On May 29th, 2011, with a great assembly of Buddhist Sangha and spiritual teachers from the Mahayana, Theravada and Vajrayana traditions, the Sacramento Buddhist Centennial Festival celebrated the 2,600th anniversary of Buddha's birth, death and moment of enlightenment. Representing the Chinese Zen lineage, Chung Tai Zen Center of Sunnyvale participated in the joyous event as our Abbot, JianHu Shifu was invited to give a Dharma talk to the participants. This Festival was a collaboration of 14 Sacramento Buddhist Sanghas and groups and took place at Kim Quang Temple, the oldest Vietnam Buddhist Temple in the area.
The festival was adorned with great programs which were held in various venues on the thoughtfully constructed Temple ground: Dharma talks in the magnificent Zen Hall, exhibition of Buddha statues in the tranquil Buddha Garden on the east side, and uniquely decorated booths lined between the Zen Hall and the west side garden designed to depict an “International Silk Road”. Symbolizing Buddhism in harmony, a temporary tent whose top covered by long stripe of cloths with the five colors from the Buddhist Flag was especially erected for the opening ceremony and cultural performances.
The day started with a Sangha procession led by Venerable Bhante Seelawimala Mahathero, the founder of this local Vesak celebration, and Abbot Thich Thien Duyen, followed by monks and nuns from participating Sanghas and groups with Zen Center’s Executive Director, JianDu Shifu among them. Descending from the stairs of the Buddha Hall, the procession passed through the International Silk Road, made offerings to the Guan-Yin statue along the way, and reached the center stage for the opening ceremony. After a group of children made flower offering to the Buddha, and a performance of lion and dragon dance, Venerable Bhante Seelawimala Mahathero and Abbot Duyen talked with passion and eloquence of Buddha’s life, his teachings and what it means to the modern society, and their vision for this event.
After the ceremony, Buddhists from a wide range of cultural backgrounds, many donning their own traditional garments, formed a long line to make offering to the Sanghas in the “alms round”. The “alms round” is not only a chance for Buddhists to make offering and generate good merits, it is also a reminder that all beings are interdependent and interconnected. The alms bowls worn by the monks and nuns overflowed with candies, flowers, cookies, and snacks. Smiling faces everywhere are evidence of the genuine happiness in all. The practice of Dana can be so beautiful and joyful!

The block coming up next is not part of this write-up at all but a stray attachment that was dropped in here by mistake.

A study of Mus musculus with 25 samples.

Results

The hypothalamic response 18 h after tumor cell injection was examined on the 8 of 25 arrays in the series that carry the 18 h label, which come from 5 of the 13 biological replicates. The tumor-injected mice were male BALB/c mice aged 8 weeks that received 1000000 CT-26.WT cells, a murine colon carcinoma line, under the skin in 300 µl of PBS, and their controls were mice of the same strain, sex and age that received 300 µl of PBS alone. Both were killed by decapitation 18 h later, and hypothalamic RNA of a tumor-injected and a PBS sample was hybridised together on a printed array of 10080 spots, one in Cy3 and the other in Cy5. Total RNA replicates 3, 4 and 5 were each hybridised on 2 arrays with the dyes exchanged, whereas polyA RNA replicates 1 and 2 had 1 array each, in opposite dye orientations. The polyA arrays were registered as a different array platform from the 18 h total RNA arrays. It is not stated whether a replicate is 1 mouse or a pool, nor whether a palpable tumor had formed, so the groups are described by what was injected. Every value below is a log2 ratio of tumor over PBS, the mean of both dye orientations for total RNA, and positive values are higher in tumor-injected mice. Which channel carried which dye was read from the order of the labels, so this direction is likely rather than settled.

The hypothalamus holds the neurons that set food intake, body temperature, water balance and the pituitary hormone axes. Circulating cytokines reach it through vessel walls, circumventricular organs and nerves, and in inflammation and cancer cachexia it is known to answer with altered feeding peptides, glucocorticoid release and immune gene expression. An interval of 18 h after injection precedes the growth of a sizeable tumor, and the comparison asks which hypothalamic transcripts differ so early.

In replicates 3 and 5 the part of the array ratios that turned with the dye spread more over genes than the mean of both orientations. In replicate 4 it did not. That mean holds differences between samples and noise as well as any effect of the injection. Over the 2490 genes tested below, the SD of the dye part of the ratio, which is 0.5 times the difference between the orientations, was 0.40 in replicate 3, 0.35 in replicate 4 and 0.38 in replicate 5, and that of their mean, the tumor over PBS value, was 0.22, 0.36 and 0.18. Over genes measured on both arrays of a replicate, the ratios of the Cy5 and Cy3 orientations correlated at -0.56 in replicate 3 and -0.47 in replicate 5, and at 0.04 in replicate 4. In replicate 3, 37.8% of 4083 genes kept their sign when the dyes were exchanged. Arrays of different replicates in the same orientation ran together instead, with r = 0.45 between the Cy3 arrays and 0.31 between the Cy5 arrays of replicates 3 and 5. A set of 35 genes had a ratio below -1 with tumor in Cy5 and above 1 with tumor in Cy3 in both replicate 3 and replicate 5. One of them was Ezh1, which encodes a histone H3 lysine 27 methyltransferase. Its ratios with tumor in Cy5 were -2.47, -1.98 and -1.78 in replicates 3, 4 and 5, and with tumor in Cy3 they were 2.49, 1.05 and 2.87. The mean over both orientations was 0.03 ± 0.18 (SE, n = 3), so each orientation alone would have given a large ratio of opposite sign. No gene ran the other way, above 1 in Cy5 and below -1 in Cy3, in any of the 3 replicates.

Many temples, including Sunnyvale Zen Center, set up literature tables in their booths for the general public to explore the various Buddhist traditions and teachings by giving out free publications and selling Buddhists artifacts for fundraising. Twelve volunteers from the Zen Center participated in the festivities and took turn to tend the booth which was set up with a theme of “Zen Center goes green”. People were attracted to the colorful poster with the Abbot standing among the solar panels on the Zen Center roof top. One lady liked it so much that she offered to purchase it! It was such a great opportunity to introduce our Zen Center and promote the “Go Veggie One Day a Week” movement to the general public. Many people showed genuine interest in the meditation program and the green movements of the Zen Center. Although Sunnyvale is far away from Sacramento, we were amazed that some local people had heard about our Dharma Masters’ teachings. A group of visitors were blessed with a treat of Dharma consultation with JianDu Shifu when they came to our booth. We also got a chance to re-acquaint with a number of former Bay Area residents. It is small world after all.
The highlight of the festival was an afternoon program of Dharma talks given by various Dharma teachers. The well-represented panel of speakers included Bhikkhus, Bhikkhuni, Lama and spiritual teachers of different Buddhist traditions. The Zen hall was full of spiritual seekers awaiting to hear the teachings of the Buddha, including many who were new to Buddhism. Six Dharma talks enriched the minds of the audience with topics such as “The Sangha Jewel”, “Walking in the Buddha’s Footsteps”, “Dukkha is to be Fully Understood”, “Calm Mind, Open Heart” and “What is Buddhism”. JianHu Shifu gave a talk on “Buddhism and Ecology”. With a sense of humor and articulate delivery, the Abbot elucidated the Buddha’s timeless teachings and demonstrated to the audience how they were relevant to the issues facing the contemporary world, such as the environmental problems today. After the Abbot’s talk, many came up to greet him and were eager to learn more. One person expressed that he had heard similar topic before but was unable to get through the message as he did today. The Dharma sharing was followed by a Question and Answer Session open to the audience.
The Celebration concluded with acknowledgments, blessings and chants in Pali, Vietnamese, Japanese, and Tibetan. How wonderful it was that the various Buddhist communities gathered together in honoring their common teacher, the Buddha. May all sentient beings form together a great assembly, one and all in harmony.